The Awakening

New Sedum growth


Not the spring awakening, which is slowly happening up here in the north, but my awakening to a new way of gardening…Ever since I started reading Colette O’Neill’s Bealtaine Cottage blog, it’s as though a curtain has been lifted from my eyes.  I’m not sure what combination of things coalesced to activate this awakening — the right frame of mind, the perfect, green lushness and tranquility of the photos from Bealtaine, and/or my maturing as a gardener (heading into my 5th season) — but now when I look out into the expanse of my acreage, although beautiful, I see so much more potential.  


While a year ago I would have been planning and planting informal, cottage garden “rooms” around the property, now I see spaces to plant permaculture guilds. Guilds, as used in permaculture vernacular, are nothing more than harmonious grouping of plants (trees, shrubs, perennials and annuals) that will work together to ensure their health and productivity.   Guilds can also incorporate animals, wild or not (placement near a chicken coop, bird feeders or pond, for instance).

Guilds allow you to work in conjunction with nature, rather than battling her.  I’m now looking with fresh eyes at the young orchard and thinking about how I can inter-plant black currants, “insectary” plants (such as yarrow, lavender, bee balm, etc.) and mulch plants (such as comfrey or borage) that will work in concert to attract beneficial insects, feed the soil, feed the birds, butterflies and bees, and feed the humans, all preferably with less daily pest hunting (the voracious Japanese beetles love the fruit trees, especially the plums).  

Last year’s herb bed: yarrow, Echinacea, bee balm, origanum, lavender, tarragon, thyme, sage, parsley, chives, marjoram, mint and some cosmos tossed in late season to add more attractors — many of these are “insectary” plants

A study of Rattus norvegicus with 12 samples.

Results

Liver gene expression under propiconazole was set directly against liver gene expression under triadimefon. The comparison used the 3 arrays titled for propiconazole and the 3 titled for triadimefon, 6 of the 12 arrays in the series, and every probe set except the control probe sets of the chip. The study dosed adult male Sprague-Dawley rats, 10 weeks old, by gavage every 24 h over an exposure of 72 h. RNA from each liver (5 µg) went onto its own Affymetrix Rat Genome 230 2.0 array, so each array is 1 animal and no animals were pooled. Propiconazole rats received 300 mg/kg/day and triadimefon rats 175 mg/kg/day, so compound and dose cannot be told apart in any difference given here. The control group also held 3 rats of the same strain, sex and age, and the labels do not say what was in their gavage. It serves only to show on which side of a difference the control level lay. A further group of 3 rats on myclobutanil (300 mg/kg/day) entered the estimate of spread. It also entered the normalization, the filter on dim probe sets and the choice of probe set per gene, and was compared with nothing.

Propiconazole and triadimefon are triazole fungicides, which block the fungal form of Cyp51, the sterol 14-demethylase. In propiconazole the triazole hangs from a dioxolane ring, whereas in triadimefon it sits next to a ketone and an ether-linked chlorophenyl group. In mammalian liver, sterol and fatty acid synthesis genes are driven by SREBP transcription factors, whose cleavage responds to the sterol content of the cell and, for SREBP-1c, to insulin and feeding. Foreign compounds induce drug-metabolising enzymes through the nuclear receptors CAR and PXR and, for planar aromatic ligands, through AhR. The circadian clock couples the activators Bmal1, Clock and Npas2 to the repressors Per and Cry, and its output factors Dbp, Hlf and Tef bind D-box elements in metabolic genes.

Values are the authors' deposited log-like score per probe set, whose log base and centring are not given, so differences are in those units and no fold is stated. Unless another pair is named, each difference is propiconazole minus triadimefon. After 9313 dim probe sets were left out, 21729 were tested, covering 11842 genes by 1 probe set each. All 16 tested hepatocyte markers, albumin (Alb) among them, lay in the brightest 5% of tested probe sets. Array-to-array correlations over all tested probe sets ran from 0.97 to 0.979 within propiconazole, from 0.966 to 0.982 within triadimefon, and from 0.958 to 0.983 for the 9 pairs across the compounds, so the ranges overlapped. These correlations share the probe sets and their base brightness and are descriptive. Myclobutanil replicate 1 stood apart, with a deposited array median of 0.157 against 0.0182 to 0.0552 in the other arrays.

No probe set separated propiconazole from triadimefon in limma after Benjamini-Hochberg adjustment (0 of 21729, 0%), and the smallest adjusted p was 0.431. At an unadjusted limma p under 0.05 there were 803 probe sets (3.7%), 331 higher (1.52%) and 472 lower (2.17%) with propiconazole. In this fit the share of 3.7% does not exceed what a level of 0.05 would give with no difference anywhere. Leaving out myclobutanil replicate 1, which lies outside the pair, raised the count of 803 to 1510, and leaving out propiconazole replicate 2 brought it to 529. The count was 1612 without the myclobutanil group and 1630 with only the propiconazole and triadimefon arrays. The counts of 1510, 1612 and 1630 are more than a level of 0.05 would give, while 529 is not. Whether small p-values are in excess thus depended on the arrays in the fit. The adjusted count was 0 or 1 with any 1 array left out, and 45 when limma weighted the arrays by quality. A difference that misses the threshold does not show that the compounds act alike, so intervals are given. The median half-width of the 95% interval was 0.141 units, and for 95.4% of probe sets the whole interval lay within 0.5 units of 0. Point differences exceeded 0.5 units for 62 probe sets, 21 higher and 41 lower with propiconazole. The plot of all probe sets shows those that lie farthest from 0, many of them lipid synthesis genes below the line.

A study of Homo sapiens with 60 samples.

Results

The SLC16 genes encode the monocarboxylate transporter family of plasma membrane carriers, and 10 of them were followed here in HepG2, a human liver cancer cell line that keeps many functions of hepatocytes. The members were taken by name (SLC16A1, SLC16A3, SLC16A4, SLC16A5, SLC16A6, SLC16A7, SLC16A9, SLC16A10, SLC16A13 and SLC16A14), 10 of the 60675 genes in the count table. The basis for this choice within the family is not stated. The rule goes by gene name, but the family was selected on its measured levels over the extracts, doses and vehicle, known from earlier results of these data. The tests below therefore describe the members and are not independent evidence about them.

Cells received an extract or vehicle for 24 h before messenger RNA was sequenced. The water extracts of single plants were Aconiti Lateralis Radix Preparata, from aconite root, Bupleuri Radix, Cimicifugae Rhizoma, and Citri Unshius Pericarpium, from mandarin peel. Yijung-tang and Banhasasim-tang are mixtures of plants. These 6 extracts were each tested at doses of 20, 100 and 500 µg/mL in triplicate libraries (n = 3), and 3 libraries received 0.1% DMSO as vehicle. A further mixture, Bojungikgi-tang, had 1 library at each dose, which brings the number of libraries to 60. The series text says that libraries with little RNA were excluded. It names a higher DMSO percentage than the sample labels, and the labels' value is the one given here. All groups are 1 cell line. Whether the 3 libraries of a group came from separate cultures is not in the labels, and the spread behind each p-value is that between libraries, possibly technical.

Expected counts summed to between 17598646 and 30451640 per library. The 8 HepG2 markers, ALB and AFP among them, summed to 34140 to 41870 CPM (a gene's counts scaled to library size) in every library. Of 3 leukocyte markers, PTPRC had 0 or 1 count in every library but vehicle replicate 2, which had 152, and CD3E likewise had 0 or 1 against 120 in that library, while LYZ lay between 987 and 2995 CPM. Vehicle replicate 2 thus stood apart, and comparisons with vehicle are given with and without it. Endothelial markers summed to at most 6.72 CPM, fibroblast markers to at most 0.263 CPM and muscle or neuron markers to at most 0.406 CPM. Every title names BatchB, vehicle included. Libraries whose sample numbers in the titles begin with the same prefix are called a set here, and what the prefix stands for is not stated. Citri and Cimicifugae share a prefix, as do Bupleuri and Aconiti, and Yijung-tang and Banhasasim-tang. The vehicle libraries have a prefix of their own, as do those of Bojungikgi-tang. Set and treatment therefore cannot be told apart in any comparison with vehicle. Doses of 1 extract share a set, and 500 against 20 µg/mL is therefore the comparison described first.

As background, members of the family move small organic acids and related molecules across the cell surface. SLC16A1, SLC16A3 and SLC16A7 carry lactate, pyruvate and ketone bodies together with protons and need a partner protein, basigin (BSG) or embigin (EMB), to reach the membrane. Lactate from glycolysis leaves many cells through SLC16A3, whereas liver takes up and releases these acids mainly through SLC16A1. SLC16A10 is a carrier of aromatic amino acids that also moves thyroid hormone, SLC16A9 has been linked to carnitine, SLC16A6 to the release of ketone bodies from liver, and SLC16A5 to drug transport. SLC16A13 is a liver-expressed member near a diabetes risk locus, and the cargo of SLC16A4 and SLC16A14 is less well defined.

Where I once would have considered a formal hedge of yew or holly to create a new garden space, now I’m going to plant willow, which will thrive in the moist soil of the location I have in mind much more so than any other shrub.  Not only will this create a living fence that provides shelter for wildlife, but I will also be able to use it for plant support structures around the garden, as well as basket-weaving. 

This is the type of multi-function, coordination with nature that permaculture represents.  It’s magnificent, and I can’t wait to try out the wealth of ideas that have been swirling around my head for the past few weeks.

…on a totally different and depressing note, it snowed yesterday afternoon into the overnight and we have 3″ or so on the ground.  Sigh.

6 thoughts on “The Awakening

    Cedums are quite hardy as you probably know and it’s so easy to gather these togehter and carefully plant them in a shallow pot with general compost, by spring you should probably hold off from planting them right away as they might need a little more time to root in.

    I’m now at +-23 Perennials on my Allotment (Community Garden) and still counting! Love the look of your garden by the way.

    Liked by 1 person

  2. Yes, sedums are notoriously hardy and can be divided every couple of years to add more to your garden. The pollinators love them, which is why I like to have them scattered about the garden. They’re a fabulous last summer/fall plant here in zone 4. So happy your able to add so many perennials to your allotment!